How to Select Dining and Banquet Chairs
Banquet and dining chairs can be found at nearly every private club in the world. The dining and banquet chair selection process can be arduous. It is important to know what to look for prior to making decisions. Too often, designers and house committees focus on design and comfort, and do not pay enough attention to construction and warranty. When it comes time to select club chairs, you should pay close attention to design, comfort, stacking capability, construction, durability, and the manufacturer’s warranty.
Stackable chairs help facilities scale up or scale down, which allows for proper social distancing to occur. For banquet facilities, most clubs insist on a stacking chair. More and more, clubs use dining and banquet chairs together, and can benefit from a stacking chair in the dining room as well.
- Wood-stacking chairs offer more traditional elegance than steel. It is important to buy chairs with quality construction, or else you will be paying for replacement chairs every couple of years. Be sure to check out the joinery and the chair warranty before choosing a hardwood stacking chair.
- Stacking chairs should stack at least six chairs high. This makes it easy to store chairs when they are not in use.
Finding the best design for a club space is a subjective decision. Here are some factors to consider:
- A traditional hardwood chair can make any space feel elegant.
- If you are looking to make a bold statement with your room design, you should think about adding tall chairs to the space.
- Before you select chairs, you will want to pay careful attention to the planned seating density of the room. For example, if you want to seat 10 people at a 60 inch round table, your chairs need to be 17-18 inches wide at the front.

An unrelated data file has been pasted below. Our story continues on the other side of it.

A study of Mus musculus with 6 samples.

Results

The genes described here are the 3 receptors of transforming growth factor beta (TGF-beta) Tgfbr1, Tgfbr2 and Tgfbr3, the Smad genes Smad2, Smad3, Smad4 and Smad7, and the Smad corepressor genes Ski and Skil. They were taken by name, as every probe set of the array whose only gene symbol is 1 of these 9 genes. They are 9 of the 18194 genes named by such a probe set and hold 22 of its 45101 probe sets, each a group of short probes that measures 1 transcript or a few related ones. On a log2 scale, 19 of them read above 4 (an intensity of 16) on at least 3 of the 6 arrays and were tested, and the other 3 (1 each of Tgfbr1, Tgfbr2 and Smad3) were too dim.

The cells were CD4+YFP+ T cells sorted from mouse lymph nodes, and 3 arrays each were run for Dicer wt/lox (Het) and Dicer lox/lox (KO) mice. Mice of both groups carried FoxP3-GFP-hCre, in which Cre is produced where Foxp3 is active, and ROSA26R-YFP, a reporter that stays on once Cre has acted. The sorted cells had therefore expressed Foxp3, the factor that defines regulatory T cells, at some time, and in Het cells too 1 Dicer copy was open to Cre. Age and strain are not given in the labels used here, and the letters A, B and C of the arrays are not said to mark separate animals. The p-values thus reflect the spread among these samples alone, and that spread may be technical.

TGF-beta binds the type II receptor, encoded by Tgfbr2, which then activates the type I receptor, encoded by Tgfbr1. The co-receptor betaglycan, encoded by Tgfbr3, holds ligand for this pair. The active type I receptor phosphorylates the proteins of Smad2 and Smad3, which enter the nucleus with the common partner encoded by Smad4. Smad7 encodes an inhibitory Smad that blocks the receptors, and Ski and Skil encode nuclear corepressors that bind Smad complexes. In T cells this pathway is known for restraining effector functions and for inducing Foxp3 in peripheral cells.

- Wider chairs are generally more comfortable. However, keep in mind that chairs wider than 20 inches are harder to move and reduce seating capacity.
- Large chairs look luxurious, but some are too deep for seating comfort.
- Choose chair fabrics based on durability, fade resistance, and how well they match the space. Most chairs are available with multiple fabrics and custom colors.
Comfort is an important factor when choosing wooden chairs. No chair should be specified without being tested for comfort. Here are some considerations:
- It is impossible to design a chair that offers the same amount of comfort to everyone. Therefore, it is important to have people of different sizes test the chairs.
- You should test sample chairs for at least 30 minutes.
- Firm seats maintain their comfort for much longer than soft seats.
- Be aware of the application when testing a chair. When dining, people generally prefer to sit relatively straight. In a pub or grill room, the chair should promote a more relaxed sitting posture.
CONSTRUCTION AND DURABILITY
Both construction and durability have a fundamental impact on the life-span of chairs. Here are a few points to consider:
- You will want to inquire about the country of origin. Chairs made in the USA are generally stronger than those made in Asia or in Eastern Europe.
- Different hardwood species have different strengths. You will want to ask about available hardwood species, and which might be better for the current application.
- Most chair failures are in the joints, not in the wood. It is important to consider if the chair has strong joints.
- Dowel construction is the least expensive to manufacture, and generally the first to fail.
- Mortise & tenon construction is generally stronger than dowel construction, and it is stronger still when the tenons are locked in place by wood dowels. Some companies have other joinery methods that offer superior durability, such as the Eustis Joint®.
Always ask about the manufacturer’s warranty policy before selecting a chair for your club:
- You should only consider a chair with a 10 year warranty.
- You should expect to pay more for a chair with a 10-year warranty than for one with a 1 or 2-year warranty.
- Before choosing a less expensive chair with a shorter warranty, think about the cost and trouble of having to replace your chairs more frequently.
- Read the warranty. Most companies warrant against defects in material and workmanship. Look to see if the warranty goes beyond these standards to address issues with the function or use of the chair.